After writing the Constitution and the Bill of Rights, Congress started thinking of how to finance the government. George Washington got Alexander Hamilton to be the secretary of the Treasury.
In creating his model of the financial plan, Alexander Hamilton used a loose interpretation of the Constitution. He thought that a strong central government was needed to encourage commerce and industry.
In the first part of his plan, Hamilton proposed that the government should take up all the debts of the states to make the citizens loyal to them. During the Revolutionary War, the states had amassed a substantial debt, racking up to 21.5 million dollars (a whopping $697,772,934, in today's money). As several southern states had already paid off their debts, Hamilton recommended setting the capital in the South, where it is today.
The second part of Hamilton's plan was to assume the debts of the confederation at large. This included interest, and it amassed to an absolutely astonishing 54 million dollars (~1.79 BILLION dollars in today's money). He thought that having a national debt would unite the citizens of the country and give them respect for the government.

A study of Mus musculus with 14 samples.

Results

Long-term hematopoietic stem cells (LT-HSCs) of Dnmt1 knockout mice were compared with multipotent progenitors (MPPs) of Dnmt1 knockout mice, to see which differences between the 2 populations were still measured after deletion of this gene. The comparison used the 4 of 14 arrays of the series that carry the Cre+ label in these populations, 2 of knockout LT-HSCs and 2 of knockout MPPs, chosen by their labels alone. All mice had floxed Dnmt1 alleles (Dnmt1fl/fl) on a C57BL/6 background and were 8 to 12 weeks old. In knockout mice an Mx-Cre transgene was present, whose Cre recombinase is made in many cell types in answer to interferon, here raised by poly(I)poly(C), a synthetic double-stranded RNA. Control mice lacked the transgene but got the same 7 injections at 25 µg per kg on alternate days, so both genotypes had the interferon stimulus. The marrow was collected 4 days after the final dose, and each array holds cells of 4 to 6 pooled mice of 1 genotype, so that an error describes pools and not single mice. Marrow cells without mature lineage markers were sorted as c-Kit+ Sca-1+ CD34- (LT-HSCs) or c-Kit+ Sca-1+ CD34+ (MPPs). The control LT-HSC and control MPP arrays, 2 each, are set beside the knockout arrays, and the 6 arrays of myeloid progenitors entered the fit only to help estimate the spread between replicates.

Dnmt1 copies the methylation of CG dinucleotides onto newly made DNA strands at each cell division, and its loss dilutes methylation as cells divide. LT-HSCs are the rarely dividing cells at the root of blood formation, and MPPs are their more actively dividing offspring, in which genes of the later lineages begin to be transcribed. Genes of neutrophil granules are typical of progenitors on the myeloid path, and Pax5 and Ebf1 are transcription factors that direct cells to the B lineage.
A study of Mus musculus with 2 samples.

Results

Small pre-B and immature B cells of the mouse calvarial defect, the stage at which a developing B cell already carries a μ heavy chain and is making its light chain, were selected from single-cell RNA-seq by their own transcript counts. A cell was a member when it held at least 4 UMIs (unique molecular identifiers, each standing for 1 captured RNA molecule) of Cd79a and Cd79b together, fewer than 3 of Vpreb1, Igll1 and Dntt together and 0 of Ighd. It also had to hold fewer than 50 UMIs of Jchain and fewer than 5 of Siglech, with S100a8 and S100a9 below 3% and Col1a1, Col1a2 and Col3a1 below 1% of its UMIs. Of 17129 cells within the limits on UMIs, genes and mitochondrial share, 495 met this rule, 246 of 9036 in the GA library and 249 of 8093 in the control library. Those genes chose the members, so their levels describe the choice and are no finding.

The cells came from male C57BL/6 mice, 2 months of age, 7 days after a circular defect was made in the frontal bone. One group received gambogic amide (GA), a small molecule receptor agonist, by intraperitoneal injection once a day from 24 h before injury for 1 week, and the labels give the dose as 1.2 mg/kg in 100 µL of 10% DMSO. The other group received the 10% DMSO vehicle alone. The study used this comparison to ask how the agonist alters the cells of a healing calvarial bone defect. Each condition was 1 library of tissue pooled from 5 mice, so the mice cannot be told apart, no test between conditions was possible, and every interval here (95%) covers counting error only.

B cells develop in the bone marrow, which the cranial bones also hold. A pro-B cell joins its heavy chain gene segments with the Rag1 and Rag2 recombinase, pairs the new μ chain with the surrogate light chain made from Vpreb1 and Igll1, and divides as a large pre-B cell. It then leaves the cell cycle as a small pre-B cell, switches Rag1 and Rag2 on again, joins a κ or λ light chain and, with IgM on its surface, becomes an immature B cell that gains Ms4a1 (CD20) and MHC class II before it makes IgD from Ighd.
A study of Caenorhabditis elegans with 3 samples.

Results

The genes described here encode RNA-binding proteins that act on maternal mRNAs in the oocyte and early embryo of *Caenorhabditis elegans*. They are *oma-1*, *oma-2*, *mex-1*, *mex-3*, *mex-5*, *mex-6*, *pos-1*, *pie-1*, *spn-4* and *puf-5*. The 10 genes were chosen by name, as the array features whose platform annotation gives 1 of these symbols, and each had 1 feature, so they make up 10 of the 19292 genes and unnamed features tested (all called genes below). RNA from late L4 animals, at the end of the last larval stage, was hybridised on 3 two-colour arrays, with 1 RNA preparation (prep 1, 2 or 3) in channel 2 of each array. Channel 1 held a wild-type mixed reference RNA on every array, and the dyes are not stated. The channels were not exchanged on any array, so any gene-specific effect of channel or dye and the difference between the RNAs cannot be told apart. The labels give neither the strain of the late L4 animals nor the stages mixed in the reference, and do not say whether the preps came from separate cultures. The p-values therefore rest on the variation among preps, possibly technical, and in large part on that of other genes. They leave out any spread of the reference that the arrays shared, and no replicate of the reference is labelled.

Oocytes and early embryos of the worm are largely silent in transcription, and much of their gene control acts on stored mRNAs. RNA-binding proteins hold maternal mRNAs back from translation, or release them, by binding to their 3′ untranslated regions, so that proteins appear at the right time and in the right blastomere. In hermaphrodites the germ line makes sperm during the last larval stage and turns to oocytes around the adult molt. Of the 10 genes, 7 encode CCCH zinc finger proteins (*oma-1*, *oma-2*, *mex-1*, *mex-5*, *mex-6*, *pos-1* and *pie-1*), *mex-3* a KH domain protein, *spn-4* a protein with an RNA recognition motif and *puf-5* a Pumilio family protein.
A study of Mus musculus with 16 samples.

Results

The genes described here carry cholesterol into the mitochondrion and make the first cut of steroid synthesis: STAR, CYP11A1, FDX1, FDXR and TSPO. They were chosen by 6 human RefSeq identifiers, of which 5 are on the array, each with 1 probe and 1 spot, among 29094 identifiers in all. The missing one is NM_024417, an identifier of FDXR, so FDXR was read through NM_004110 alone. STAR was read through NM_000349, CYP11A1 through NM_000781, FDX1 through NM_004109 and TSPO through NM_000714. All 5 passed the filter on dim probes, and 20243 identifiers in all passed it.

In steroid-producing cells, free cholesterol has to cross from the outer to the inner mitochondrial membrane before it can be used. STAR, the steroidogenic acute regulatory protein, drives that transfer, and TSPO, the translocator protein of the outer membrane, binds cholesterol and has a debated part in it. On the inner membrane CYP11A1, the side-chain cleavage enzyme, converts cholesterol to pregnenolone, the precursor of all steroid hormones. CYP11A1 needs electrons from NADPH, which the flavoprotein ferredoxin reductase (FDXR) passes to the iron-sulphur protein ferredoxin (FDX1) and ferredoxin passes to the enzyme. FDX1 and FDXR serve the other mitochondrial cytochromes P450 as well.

Finally, the third part of Hamilton's plan was to establish a central bank, like the Bank of England. He thought that a national bank would enable the government to collect taxes, pay debts, and regulate trade.
Founding Father Thomas Jefferson did not like Hamilton's plan. He had a strict interpretation of the Constitution and wanted a decentralized government that would, firstly, protect the citizens' rights.
Jefferson thought that the states should have more authority than the government, since they were closer to the people and were less likely to abuse power. Furthermore, he disliked the idea of a central bank because he thought it exceeded federal authority.